Three Things Your Veterinarian Wants You To Know

Posted in Pets Galore on 16.05.13 by Merlyn

You are a responsible pet owner. You keep your pet up to date with their shots. You provide plenty of toys and treats. You give your pet unlimited attention and unconditional love. No one is more devoted to their pet than you are. Most pet owners feel the same way about their relationship with their pets, but many of them could use a few tips from their Houston veterinarian. Here are three things your vet wants you to know about your pet’s health and what you could be doing better.

Yearly Exams Are Important

Virtually all veterinarians agree that skipping yearly exams is the top offense committed by pet owners. Most people make sure to get their pet into the veterinarian’s office for vaccination, but the vet is otherwise a stranger to most animals. Keep in mind that a pet ages approximately seven human years annually, and substantial changes can take place during that time. What might have been a minor issue last year, such as dental staining or a heart murmur, could have developed into a serious condition like gingivitis or heart failure. Until your pet is seven years old, a wellness exam once a year is important to maintaining his health. Older animals may need more frequent visits to monitor their health.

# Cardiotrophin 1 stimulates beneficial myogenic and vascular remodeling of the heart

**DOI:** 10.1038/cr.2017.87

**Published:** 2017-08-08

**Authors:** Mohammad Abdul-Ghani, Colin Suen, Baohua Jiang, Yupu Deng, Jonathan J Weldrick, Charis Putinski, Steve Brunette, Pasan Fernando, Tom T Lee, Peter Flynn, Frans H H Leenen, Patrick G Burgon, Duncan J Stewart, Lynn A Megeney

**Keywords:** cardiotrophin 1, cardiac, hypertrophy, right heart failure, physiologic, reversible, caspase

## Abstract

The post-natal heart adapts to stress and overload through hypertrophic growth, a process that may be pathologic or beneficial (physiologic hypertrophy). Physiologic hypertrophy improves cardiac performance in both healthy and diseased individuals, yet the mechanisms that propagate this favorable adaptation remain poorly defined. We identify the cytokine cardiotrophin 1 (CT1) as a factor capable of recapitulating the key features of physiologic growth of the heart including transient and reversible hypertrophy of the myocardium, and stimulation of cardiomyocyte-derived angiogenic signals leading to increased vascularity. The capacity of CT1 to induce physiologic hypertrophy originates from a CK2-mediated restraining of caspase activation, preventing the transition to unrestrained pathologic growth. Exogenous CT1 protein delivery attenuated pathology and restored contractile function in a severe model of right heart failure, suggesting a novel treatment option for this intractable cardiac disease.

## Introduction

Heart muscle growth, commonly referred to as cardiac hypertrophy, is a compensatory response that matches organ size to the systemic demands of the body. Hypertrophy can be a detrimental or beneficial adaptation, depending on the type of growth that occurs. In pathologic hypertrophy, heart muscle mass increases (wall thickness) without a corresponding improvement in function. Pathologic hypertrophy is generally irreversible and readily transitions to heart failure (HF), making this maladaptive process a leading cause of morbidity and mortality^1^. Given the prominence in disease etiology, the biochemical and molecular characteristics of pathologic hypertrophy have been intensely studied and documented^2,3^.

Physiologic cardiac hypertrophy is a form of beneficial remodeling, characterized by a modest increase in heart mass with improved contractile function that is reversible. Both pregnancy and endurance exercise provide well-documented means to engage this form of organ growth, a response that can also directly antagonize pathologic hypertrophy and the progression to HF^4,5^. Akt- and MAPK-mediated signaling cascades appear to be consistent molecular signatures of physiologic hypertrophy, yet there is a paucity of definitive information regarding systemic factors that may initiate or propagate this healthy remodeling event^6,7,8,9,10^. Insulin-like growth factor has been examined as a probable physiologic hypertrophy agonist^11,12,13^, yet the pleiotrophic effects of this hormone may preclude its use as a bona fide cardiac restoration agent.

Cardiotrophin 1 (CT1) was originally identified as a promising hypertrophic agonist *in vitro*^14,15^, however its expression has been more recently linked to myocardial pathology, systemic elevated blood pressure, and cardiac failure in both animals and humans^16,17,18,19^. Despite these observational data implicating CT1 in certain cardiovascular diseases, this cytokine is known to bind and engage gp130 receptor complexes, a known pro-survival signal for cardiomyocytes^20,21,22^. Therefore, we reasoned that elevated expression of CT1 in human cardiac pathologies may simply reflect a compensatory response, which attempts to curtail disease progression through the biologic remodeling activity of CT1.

All Pets Can Cause Allergies

Marketing campaigns often entice people with allergies to purchase a specific breed because they claim it is non-allergenic. The truth is, every pet can trigger allergies, even hairless animals like the Chinese Crested. Allergic reactions are not caused by an animal’s fur, but by its dander as well as a protein in its saliva. Some allergy sufferers are able to live with breeds that produce less dander, such as the bichon frise, but there is no guarantee for all people with allergies. The only measure you can take to make your pet less allergenic is to decrease the amount of dander. Weekly baths are the best way to accomplish this.

Meal Time Is Brain Time

Food bowls may be considered outdated by your Houston veterinarian. Instead, try feeding your pet with a food puzzle. These devices hold a full meal and are designed to make your pet work to release the food. This provides mental as well as physical stimulation, which work together to fight boredom and obesity. Start with an easy puzzle, then rotate more difficult designs into your pet’s routine to keep them interested. If your pet is sick or debilitated, however, use a bowl for meals.